Healthy lifestyle spreads

Updated: 2011-03-30 07:54

By Tang Zhe (China Daily)


Fu Qi (center), a 37-year-old PE (physical education) teacher at No 2 Experimental Primary School in Kuancheng district, Changchun, leads citizens in taking morning exercises at Changchun's Shengli Park, northeast China's Jilin province. Photo Provided to China Daily

Healthy lifestyle spreads

Healthy lifestyle spreads

More and more people are doing morning exercises as the young and elderly share the passion to get up early and stretch out in Changchun, northeast China, Tang Zhe writes

Most Chinese people in their 30s and 40s are not accustomed to getting up early in the morning and doing exercises before heading off to work. Then, at the weekend or during holidays, they seem more likely to sleep until noon and then spend their spare time in front of a computer than think about physical well-being.

However, Fu Qi, a 37-year-old full-time primary school teacher, is bucking that trend. She turns on her small stereo at 6:10 each morning, 365 days of the year, at Shengli Park in Changchun and works out with a growing band of enthusiasts.

Starting last May, Fu, who looks like she is in her 20s, has led a growing group of predominantly older citizens in morning exercises - even during the Spring Festival when most people choose to stay at home and away from the cold weather.

Fu, a former marathon athlete, returned to her hometown of Changchun after retiring from the Beijing Huochetou sports team in 1998. She spent four years as an aerobics instructor in a gym and then became a sports teacher at the No 2 Experimental Primary School in Kuancheng district.

She stayed fit by running in the park until one day she saw dozens of people dancing in an open area. She thought the music was monotonous and decided to come up with some new movements to more dynamic songs.

"Once I started, they (the participants) didn't want to let me go," said Fu, who leaves for work straight after morning exercise. "I really feel happy to dance with these uncles and aunts, and I couldn't find it in myself to let them drift away due to my absence."

A few days after Fu volunteered to lead the dance, no less than 200 people joined the squad, and the number increases in summer when roads around the area are full of people.

"We start at 6:10 in the morning as Miss Fu has to go to work at 7:30. This is very exhausting and we are very grateful to her," said a 53-year-old woman, who was 65kg and has lost 10kg since taking part in the exercises. "Few young people have the spirit of utter devotion now, but she has helped us be happier and healthier.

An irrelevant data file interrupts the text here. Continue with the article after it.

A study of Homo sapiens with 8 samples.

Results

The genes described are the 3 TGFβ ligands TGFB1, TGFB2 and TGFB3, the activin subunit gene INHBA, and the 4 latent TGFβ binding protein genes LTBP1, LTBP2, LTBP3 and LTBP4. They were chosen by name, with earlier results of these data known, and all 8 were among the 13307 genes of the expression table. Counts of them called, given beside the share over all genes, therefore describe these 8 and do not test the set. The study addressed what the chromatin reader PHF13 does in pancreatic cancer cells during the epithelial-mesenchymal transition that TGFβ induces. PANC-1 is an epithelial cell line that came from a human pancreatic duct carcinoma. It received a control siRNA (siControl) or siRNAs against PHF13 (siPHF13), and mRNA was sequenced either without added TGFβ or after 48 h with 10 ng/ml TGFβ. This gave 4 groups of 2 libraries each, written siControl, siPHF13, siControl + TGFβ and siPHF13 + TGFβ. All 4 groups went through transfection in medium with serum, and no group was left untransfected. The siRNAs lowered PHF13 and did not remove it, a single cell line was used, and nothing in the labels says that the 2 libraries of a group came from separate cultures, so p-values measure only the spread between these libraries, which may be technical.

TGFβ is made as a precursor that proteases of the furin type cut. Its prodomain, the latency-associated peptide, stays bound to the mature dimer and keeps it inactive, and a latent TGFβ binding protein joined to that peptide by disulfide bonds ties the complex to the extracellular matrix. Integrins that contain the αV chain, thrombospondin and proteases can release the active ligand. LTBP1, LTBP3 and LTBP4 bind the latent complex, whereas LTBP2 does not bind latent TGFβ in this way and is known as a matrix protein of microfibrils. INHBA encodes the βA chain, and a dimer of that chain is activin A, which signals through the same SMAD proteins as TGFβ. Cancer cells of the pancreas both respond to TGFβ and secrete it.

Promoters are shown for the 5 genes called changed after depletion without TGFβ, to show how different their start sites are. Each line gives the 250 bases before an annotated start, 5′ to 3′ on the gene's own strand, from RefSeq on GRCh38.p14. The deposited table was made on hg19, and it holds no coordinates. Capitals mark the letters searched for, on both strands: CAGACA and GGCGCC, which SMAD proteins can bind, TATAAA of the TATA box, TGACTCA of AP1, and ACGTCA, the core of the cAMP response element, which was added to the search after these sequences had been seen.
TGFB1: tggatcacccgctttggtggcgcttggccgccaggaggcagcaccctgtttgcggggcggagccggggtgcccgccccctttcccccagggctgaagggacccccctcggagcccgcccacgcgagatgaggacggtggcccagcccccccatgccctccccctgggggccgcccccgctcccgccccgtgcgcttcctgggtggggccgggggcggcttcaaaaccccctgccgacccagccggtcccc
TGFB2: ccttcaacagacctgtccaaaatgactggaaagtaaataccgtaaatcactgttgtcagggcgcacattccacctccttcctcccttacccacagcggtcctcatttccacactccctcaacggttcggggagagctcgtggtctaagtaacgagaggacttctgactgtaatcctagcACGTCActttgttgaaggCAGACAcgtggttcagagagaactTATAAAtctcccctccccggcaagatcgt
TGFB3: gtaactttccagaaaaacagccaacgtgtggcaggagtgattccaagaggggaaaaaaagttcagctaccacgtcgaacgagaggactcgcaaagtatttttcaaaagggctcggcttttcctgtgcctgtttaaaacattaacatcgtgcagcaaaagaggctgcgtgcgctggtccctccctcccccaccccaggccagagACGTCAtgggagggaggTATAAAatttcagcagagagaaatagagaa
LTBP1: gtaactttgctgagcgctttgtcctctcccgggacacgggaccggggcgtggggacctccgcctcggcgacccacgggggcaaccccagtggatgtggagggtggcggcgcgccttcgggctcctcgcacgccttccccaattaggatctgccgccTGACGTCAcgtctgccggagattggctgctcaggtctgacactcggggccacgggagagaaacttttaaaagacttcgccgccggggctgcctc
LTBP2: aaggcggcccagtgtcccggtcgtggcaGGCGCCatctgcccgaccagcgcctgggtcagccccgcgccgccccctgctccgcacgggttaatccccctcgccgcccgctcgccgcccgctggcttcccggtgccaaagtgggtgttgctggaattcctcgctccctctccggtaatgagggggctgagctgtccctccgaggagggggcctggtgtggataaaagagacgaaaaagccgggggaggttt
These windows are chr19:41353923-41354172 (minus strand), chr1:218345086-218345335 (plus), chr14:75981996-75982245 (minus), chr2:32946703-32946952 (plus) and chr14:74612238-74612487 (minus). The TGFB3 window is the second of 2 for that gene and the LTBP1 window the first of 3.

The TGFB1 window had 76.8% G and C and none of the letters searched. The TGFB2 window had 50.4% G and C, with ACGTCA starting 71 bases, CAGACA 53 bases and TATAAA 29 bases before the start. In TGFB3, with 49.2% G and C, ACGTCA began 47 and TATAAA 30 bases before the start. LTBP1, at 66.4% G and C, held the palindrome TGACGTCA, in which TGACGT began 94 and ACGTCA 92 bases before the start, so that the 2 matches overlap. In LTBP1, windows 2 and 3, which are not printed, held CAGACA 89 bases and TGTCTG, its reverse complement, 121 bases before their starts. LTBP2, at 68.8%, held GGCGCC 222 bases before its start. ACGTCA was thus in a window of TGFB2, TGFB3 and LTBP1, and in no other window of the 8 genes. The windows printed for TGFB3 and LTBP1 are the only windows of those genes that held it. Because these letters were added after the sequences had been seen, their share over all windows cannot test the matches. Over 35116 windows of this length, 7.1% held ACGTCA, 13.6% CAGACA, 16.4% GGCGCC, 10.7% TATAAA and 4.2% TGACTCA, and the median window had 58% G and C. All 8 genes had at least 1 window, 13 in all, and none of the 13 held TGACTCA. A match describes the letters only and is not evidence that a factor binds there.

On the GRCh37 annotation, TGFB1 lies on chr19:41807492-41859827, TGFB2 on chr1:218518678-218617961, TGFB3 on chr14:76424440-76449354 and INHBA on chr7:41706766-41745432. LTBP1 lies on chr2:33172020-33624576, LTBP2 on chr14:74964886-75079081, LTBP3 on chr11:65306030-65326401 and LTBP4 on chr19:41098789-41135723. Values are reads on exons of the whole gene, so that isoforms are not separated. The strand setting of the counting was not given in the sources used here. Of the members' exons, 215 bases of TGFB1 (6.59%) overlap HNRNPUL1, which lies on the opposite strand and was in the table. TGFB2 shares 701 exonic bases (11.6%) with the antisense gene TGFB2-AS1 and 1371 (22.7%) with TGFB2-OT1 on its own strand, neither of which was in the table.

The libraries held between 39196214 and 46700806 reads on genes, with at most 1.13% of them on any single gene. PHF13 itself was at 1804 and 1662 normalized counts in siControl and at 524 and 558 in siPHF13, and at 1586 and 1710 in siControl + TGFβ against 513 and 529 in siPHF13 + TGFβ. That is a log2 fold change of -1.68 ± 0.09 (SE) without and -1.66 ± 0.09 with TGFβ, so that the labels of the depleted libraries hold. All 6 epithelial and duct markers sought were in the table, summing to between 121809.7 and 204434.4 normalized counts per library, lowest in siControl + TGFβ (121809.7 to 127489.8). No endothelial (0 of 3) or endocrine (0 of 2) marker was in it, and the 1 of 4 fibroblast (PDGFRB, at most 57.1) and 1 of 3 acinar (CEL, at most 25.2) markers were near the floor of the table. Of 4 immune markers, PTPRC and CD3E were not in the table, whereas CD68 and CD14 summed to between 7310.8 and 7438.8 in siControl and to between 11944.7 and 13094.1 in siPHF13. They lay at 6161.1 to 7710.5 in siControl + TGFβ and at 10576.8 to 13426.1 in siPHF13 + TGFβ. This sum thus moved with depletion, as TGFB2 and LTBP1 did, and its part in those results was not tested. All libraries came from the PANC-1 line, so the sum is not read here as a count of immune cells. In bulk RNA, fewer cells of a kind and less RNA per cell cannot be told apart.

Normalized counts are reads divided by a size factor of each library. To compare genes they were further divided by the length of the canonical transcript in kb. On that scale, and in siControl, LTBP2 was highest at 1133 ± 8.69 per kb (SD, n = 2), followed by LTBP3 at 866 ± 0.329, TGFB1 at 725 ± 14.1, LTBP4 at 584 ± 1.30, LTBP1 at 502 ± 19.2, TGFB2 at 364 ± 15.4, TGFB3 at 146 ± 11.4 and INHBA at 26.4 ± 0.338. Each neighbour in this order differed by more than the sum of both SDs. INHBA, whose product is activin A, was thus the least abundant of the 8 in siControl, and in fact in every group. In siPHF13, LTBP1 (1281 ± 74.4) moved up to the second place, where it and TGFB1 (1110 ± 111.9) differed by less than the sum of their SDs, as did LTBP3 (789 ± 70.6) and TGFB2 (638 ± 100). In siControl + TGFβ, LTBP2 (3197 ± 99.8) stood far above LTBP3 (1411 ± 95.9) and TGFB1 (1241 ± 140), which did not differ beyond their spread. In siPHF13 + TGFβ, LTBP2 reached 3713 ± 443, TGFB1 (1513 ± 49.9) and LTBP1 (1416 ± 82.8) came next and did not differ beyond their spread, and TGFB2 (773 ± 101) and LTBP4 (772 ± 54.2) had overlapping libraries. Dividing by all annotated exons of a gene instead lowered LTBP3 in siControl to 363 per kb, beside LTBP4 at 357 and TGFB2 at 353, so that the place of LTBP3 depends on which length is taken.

"Most working people are reluctant to get up early, but we love to dance here, it even makes our daily work easier and more enjoyable," she said. "I'm retired now, but I feel I am becoming younger and younger. She makes our bodies healthy and gives us much happiness."

It's hard for the older folk to learn a one-hour set of aerobics set to music, but it's even harder for Fu to choreograph a different series of movements each month, which is demanded by her "students".

Most of the songs are pop with a quick rhythm.

"They are quick learners and always ask for updates so they can keep their bodies and brains active," said Fu. "We also have some special movements for summer, which comprise dancing, exercises, pop music and yoga, to prevent arthritis, scapulohumeral periarthritis and lumbar disc herniation."

Like most people, Fu sometimes feels weary and contemplates a rest from her "second job", but she finds herself unable to give it up.

Healthy lifestyle spreads

"It snowed extremely heavy one day and I thought to myself that I finally had a rest day, but when I went for a walk in the park, everyone was there and, of course, we danced that day," she said.

Fu is not the only young person to devote herself to such community service.

Kong Xianglei, a 21-year-old dancer who has just graduated from university, volunteered to teach cha-cha at the South Lake community and also teaches middle-aged women how to live a more confident and fulfilling life.

"I teach them dancing here just because I want to contribute something to society," said Kong, who has taken part in Shanghai Dragon TV's talent show China's Got Talent.

Drawn by Kong's passion and confidence, his dancing "team", which comprises mainly females in their 40s and 50s, carried on practice at South Lake Park through the winter.

"We swept the snow in the park by ourselves even when the temperature was 40 Celsius below 0," he said. "Everyone wrapped themselves up in thick clothes, all you could see were the eyes, but we keep on dancing the cha-cha full of passion.

"All of us have pressure in our lives. What we should do is learn how to release the pressure. It all depends on if your choice is to have a sad day or a happy one," said Kong, who asks his team members to shout "I'm 20" no matter how old they are.

"You can never dance good cha-cha without enough confidence, so tell yourself 'I'm the best' when you wake up and never forget to smile," he said.